School levies will be on February ballot
Voters will decide in February on two replacement levies for the Methow Valley School District — one for maintenance and operations (M&O) and one for technology.
Last week, the Methow Valley School Board directors unanimously approved two resolutions for the levies, which would help pay for school staff; instruction in music, art, Spanish and engineering; basic maintenance and classroom supplies; and for upgrades in computers and technology throughout the district.
The M&O levy would start at $1.8 million and increase by $50,000 in each of the next four years, adding another $200,000 to the total.
The technology levy is for a total of $2,225,000, to be paid in fairly equal portions over four years, from $525,000 to $575,000.
If approved, the levies would add about $1.80 per $1,000 in valuation to a property-tax bill, according to school district estimates. The tax revenues would be collected starting in 2017, after the existing M&O and technology levies expire.
Two informational sessions have been scheduled to explain the levies and the process followed by the levy task force, how schools are funded in Washington, and the projected impacts on property taxes.
The sessions — both the same — are on Thursday, Jan. 14, and Thursday, Jan. 21, 2016, from 6 to 7 p.m. in the Methow Valley Elementary School library.
Information about the levies is also available on the school district’s website at methow.org.
Comp plan appeal in court this week
A challenge to how Okanogan County’s comprehensive plan handles water availability, wildfire and landslides will be heard in Okanogan County Superior Court this week. The appeal was filed by the Methow Valley Citizens’ Council and Futurewise in January.
The two environmental organizations appealing the plan say it allows more residential development than the county’s limited water resources can support. They also say the plan does not protect county residents from fire and landslides.
The county says growth has been very slow and that the increase suggested by the appellants is “more fantastic than probable,” according to the county’s brief.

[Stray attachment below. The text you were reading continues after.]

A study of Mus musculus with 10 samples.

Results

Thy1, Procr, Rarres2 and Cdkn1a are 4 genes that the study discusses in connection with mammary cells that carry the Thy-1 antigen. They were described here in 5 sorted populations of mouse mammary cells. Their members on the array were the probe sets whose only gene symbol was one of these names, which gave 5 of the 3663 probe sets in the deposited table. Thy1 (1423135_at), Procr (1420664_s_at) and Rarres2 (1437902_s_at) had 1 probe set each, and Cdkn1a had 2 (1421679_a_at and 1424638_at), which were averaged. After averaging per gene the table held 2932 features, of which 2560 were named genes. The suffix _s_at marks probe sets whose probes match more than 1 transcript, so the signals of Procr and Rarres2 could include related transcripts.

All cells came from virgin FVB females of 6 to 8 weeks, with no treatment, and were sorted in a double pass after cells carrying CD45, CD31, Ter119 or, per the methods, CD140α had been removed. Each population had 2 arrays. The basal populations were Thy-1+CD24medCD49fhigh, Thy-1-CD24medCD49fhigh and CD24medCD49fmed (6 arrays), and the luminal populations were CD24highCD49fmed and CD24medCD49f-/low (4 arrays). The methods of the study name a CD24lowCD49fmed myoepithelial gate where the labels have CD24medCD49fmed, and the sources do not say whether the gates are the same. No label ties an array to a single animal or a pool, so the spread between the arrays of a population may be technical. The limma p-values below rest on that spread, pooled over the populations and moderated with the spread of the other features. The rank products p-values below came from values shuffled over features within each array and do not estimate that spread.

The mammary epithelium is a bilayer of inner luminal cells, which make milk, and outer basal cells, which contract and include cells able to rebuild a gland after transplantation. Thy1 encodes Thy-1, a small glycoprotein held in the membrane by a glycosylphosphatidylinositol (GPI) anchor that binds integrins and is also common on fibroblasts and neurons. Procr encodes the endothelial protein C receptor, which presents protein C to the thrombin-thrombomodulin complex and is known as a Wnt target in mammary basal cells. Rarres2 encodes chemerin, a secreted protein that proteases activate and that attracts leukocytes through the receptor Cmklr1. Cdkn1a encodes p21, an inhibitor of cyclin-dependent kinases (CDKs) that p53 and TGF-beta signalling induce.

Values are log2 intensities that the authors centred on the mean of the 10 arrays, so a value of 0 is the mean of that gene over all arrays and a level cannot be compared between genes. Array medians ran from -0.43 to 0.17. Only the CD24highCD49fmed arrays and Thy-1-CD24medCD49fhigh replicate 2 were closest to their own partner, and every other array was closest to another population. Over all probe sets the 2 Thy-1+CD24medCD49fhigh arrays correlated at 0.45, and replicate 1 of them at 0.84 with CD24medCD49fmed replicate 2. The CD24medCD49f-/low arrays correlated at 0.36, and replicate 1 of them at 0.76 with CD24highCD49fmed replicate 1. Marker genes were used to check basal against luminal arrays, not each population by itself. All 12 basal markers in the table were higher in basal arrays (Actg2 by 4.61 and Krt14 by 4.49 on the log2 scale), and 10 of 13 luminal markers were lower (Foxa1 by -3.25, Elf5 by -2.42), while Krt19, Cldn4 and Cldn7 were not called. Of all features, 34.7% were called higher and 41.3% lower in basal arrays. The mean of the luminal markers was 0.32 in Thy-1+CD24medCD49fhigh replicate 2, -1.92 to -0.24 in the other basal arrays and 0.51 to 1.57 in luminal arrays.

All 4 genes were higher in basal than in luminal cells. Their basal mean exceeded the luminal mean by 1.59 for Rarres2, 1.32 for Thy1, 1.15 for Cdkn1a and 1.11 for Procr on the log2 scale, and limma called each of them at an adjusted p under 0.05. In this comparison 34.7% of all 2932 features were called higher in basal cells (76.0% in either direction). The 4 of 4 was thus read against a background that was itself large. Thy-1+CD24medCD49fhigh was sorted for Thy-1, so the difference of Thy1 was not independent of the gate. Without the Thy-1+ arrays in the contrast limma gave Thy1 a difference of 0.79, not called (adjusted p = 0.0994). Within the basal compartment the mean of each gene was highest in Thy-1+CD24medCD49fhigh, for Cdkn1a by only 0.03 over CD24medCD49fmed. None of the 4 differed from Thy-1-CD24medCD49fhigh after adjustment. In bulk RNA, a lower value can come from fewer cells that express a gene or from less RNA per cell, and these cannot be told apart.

The appellants also say the county did not meet the state’s requirements for designating commercially productive agricultural and forest lands in the comp plan. They claim that the county’s environmental review of the impact of the plan was inadequate.
The county argues that MVCC and Futurewise do not have standing to bring the suit, since they have not shown that they have suffered actual injury as a result of the comp plan.
Oral arguments are before Superior Court Judge Christopher Culp on Thursday (Dec. 17) at 1:30 p.m.
County may extend zoning code update
Okanogan County has been relying on an interim zoning code over the past year while planning staff, county commissioners, an advisory committee and the public have been studying the 154-page document and proposing revisions. Now the interim version is about to expire, so the county commissioners are considering extending the deadline another six months.
The county last adopted a zoning code in 1978 and county planners are proposing significant changes.
The zoning code provides specific guidelines for land uses, such as minimum lot sizes and where residential, commercial or industrial development can be. Since there are more than 20 zones throughout the county, the code and accompanying maps are a complicated patchwork of rural, residential and commercial zones.
The code affects how many neighbors you can have and the impact on natural resources and built infrastructure like roads. It lists a wide variety of land uses, from professional buildings to kennels to dairy farms, and shows whether they are permitted, prohibited, or allowed only with a conditional-use permit.
The current draft of the zoning code contains proposed changes, none of which are final. The county’s planning commission will deliberate about that draft on Wednesday (Dec. 16) at 7 p.m., but will not take any testimony.
The county commissioners are holding a public hearing regarding extending the deadline for updating the code to June 22, 2016. The hearing is Monday (Dec. 21) at 1:30 p.m. The public can provide oral testimony or submit written testimony at the hearing or before, to email@example.com.
Information about the zoning code is available from Senior Planner Ben Rough at (509) 422-7122 or firstname.lastname@example.org. The working draft of the zoning code (from Oct. 16) and maps are available at www.okanogancounty.org/planning. Click on the links next to “Zone Code” (not the “Interim Zone Code”).
Christmas dinner in Twisp
The Methow Valley Snowmobile Association will host its annual community Christmas dinner on Christmas Day (Dec. 25) at the Methow Valley Community Center in Twisp. The fee event will take place from noon – 3 p.m.